What is the Importance of Inpatient Service in Hospitals? – Explained!
A ward is a temporary home to the patient. It is also a nursing unit, and the planning of such units should be based on the work of the nursing staff.
Bed distribution: It has been generally found that about 165 out of every thousand populations will be hospitalised for an average of about seven days each the number of beds necessary to care for this number will be about 3 to 4 per thousand populations.
Determining the bed size of the hospital in governed by the service capacity to be provided which itself will depend on the projected number of admissions and consultations. Admissions and consultations will reflect in the number of beds and consulting rooms that would be necessary.
Making calculations for beds will require data on the morbidity pattern in the dependent population and the average length of stay.
A concept that has been found to be useful from bed utilisation point of view is that some percentage of beds (up to 20%) may not be assigned to any particular speciality permanently.
This practice enables such beds to be used interchangeably, mainly for general medical and surgical services and offers flexibility in bed utilisation.
Nursing units: Variations in utilisation of beds from one discipline to the other from time-to-time necessitate reallocating hospital beds amongst various disciplines.
This can be carried out without problem if the nursing units are of a similar pattern and if there are no special design requirements between nursing units. There is a great advantage in having a standard ward unit.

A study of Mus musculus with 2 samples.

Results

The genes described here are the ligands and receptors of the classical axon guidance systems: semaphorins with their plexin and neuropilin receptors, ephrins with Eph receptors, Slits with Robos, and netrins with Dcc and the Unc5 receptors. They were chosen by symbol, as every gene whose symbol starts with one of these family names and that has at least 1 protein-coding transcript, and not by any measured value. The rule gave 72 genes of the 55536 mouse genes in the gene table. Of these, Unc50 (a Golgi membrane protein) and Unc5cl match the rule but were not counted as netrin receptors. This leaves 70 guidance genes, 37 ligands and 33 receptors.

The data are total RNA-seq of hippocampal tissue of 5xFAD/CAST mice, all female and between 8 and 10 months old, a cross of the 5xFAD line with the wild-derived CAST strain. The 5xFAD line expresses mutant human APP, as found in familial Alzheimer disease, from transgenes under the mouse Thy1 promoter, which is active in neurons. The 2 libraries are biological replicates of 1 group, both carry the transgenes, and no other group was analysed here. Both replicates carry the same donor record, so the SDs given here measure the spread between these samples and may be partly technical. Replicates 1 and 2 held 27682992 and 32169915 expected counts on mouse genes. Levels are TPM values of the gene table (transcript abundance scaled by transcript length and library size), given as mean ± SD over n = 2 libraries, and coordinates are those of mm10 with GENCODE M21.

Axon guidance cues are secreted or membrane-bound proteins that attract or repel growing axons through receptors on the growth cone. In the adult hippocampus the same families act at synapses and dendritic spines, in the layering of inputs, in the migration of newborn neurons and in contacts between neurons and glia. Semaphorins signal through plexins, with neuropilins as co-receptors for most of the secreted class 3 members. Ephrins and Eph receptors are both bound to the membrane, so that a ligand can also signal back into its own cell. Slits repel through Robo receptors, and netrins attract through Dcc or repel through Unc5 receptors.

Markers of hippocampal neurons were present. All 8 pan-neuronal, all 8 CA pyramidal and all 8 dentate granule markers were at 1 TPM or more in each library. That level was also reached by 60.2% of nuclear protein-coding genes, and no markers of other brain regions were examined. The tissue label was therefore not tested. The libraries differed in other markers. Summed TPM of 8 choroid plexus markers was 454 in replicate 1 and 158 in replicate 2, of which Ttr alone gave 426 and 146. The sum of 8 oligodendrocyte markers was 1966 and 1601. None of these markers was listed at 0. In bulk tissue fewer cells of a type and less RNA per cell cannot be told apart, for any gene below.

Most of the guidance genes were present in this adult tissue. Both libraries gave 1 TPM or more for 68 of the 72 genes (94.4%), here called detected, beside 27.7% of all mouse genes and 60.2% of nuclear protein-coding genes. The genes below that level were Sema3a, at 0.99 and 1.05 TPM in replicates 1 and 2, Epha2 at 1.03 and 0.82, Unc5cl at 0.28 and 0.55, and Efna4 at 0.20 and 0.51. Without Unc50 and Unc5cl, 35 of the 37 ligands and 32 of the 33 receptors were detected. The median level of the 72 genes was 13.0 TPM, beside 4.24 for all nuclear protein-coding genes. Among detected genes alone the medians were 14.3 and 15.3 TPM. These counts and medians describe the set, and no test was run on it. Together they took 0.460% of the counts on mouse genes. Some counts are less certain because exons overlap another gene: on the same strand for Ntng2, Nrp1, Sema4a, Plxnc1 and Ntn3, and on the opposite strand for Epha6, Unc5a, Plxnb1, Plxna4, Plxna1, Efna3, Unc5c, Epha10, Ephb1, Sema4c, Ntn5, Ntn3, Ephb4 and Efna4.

If each specialty had accommodation designed only for its own specialised requirements, it would be impossible to readjust beds among specialties. It is economical to construct and maintain a building composed of identical nursing units.
Maximum observability of patients by nursing staff, and reduction of “nurse fatigue factor” by minimising movements of staff between patient beds and other areas are the basic principles behind planning of ward units.
For administrative as well as technical control, two or more of these could advantageously be combined on one floor.
The old pavilion type of ward (the Nightingale ward) has gradually given way to other types of nursing units which include the Rigs pattern, the “racetrack”, semicircular, circular and other patterns.
Apart from a nurse’s station, ancillary facilities in a patient care unit include the bathrooms and toilets, dirty and clean utility rooms, pantry, dressing/treatment room, linen and store room, toilet for staff, office for head nurse, an interview room which can also be used as a seminar room. Spatial relationship of all these to each other has to be thought of at the outset.
There is no agreement amongst planners and administrators on the ideal size of a ward unit.
Although a large unit of say 35 to 40 patients may lead to loss of personal contact between the nursing staff and patients, smaller units require greater number of nurses, and the design of a hospital of this purpose presents difficulties.
It is uneconomical to provide full set of ancillary rooms for very small units. It is convenient as well as economical to plan ancillary accommodation to be shared between two or more units.
However, a functionally minimum number of one-bed and two-bed rooms must be catered for serious patients and patients with special nursing requirements.
Certain variations from the general description given above are required for paediatric, maternity, psychiatric and orthopedic nursing units and intensive care units. The peculiar requirements of some of them are dealt with separately at appropriate places.